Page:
Celebrating Birds: The Phenomenon of Migration
Volume 25 Issue 2, Spring 2020
by Joe Coleman
Every day, any time of day, somewhere in the Western Hemisphere, birds are migrating. The peak of migration in our area occurs in May and then again from late September through early October. As Scott Weidensaul wrote in his book Living on the Wind , “If it is spring or fall, the great pivot points of the year, … continents are swarming with billions of traveling birds — a flood so great that even the most ignorant and unobservant notice, if nothing else, the skeins of geese and the flocks of robins.”
Some birds migrate during the day. Many others, the majority in terms of sheer numbers, migrate at night, generally beginning about a half hour after sunset. Those observers fortunate enough to watch this on radar see what appears to be a great cloud rising from the landscape.
About 75% of North America’s 650 nesting bird species migrate. While some of these birds will only move a few states, others will shift all the way to Argentina. In some areas a species doesn’t migrate at all, while in another only the females migrate. Dark-eyed Juncos, often called snowbirds because they go south for the winter, are an example of this. Some young male juncos never leave Canada during their migration, while adult females will go all the way to the southern U.S. Young males migrate the shorter distance, perhaps so they can be the first to return home to establish a territory.
Although some species never leave the U.S., many go to Mexico and Central America and about 50 species go all the way to South America. Only about 10 songbird species, including Eastern Kingbirds, a common summer resident in Loudoun County, and Bobolinks, a rapidly disappearing summer resident in the county, travel beyond the Amazon basin. Bobolinks, a delightful and attractive blackbird with an incredible song, have the longest migration of any blackbird species, traveling from North America to northern Argentina. Like many migrants, both sexes return to the same nesting grounds year after year. While some Bobolinks follow the coast south, others travel out over the Atlantic on their journey to South America.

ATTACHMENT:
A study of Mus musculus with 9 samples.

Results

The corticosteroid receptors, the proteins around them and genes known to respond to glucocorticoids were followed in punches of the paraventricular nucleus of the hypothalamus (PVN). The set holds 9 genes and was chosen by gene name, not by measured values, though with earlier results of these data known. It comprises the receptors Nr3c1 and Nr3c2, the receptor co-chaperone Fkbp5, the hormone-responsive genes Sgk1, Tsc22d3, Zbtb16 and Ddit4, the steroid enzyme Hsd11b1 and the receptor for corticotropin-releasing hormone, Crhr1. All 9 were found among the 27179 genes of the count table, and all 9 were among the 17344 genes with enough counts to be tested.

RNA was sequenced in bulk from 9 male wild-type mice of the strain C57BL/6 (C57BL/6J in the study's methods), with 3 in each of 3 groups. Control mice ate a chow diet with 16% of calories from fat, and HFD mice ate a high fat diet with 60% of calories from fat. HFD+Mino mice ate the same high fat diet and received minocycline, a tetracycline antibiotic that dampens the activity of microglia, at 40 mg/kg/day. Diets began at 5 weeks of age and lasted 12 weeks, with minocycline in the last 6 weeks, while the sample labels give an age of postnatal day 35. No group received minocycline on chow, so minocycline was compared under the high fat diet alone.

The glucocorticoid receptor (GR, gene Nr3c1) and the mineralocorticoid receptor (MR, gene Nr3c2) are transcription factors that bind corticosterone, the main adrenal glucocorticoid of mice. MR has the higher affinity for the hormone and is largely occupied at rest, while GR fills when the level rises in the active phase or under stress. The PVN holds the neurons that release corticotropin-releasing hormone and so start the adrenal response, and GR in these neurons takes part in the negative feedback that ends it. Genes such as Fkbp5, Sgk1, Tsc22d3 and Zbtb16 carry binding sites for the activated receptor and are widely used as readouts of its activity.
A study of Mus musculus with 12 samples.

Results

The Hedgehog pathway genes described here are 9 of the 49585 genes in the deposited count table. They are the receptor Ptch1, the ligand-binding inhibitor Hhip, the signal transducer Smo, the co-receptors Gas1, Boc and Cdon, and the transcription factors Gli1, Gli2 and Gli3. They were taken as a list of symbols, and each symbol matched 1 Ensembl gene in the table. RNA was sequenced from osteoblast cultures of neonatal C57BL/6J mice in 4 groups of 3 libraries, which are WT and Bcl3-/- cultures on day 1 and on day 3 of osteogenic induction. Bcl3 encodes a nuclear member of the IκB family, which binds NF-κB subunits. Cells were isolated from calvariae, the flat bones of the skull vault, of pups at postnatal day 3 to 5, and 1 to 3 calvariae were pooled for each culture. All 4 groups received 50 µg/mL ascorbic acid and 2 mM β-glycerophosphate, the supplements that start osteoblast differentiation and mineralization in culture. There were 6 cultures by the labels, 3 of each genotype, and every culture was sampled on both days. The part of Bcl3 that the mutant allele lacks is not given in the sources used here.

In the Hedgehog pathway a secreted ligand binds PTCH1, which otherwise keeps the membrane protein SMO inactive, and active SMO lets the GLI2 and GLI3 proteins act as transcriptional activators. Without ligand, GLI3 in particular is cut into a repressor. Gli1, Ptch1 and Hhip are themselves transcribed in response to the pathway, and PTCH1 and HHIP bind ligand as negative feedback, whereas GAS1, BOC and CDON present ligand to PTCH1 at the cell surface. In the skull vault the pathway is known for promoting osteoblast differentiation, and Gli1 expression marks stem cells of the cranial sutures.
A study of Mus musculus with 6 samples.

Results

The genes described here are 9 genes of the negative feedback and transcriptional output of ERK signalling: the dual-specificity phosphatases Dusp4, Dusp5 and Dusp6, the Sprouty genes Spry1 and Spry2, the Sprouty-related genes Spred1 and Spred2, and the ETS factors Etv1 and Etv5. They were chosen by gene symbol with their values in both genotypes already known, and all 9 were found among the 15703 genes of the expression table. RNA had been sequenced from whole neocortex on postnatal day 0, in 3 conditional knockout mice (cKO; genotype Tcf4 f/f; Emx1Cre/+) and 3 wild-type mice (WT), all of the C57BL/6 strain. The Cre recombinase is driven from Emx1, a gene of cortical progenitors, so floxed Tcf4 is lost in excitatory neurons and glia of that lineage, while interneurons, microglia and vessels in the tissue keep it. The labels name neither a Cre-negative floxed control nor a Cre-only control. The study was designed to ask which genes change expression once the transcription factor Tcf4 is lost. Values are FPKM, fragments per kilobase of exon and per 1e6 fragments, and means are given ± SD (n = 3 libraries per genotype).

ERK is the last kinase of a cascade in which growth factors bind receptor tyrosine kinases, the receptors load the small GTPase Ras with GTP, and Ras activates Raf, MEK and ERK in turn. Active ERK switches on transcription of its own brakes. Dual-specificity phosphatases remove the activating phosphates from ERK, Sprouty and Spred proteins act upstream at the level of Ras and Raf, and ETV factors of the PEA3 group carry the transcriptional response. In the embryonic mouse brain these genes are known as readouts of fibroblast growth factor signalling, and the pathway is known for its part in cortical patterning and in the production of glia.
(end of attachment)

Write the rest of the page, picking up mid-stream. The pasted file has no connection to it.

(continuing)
Another fascinating aspect of migration is the role of fat. Fat deposits in non-migrating birds are about 5%, while long-distance migrants build their fat reserves to 50% or more of their total body weight before they begin migration. The Ruby-throated Hummingbird, the only nesting hummingbird in the eastern U.S., normally weighing about 3 grams (0.11 ounces), increases its weight by 2 grams (0.07 ounces), or by two-thirds, for its journey. As a result it can fly across the Gulf of Mexico nonstop if the winds are right.
Unfortunately, the phenomenon of migration is showing signs of trouble. For over a century the Migratory Bird Treaty Act of 1918 was the cornerstone of bird protection. Last year the current federal administration severely weakened this protection. Even before then, humankind’s footprint on the land was having a strong impact on birds. With increased habitat loss and all the other ways humans have impacted the natural environment, birds are struggling. It is up to us to recognize what is happening and to do something about it now.
Scientists have learned a tremendous amount about migration recently, but because a great deal of research is continuing, what we know about migration is constantly evolving. For more information on this very complex topic you can review these resources:
•All about Birds by the Cornell Lab of Ornithology, an online resource accessed at www.allaboutbirds.org that is constantly being updated.
•Living on the Wind: Across the Hemisphere with Migratory Birds by Scott Weidensaul (North Point Press, 1999).
•The Sibley Guide to Bird Life and Behavior by National Audubon Society (Alfred A. Knopf, 2001).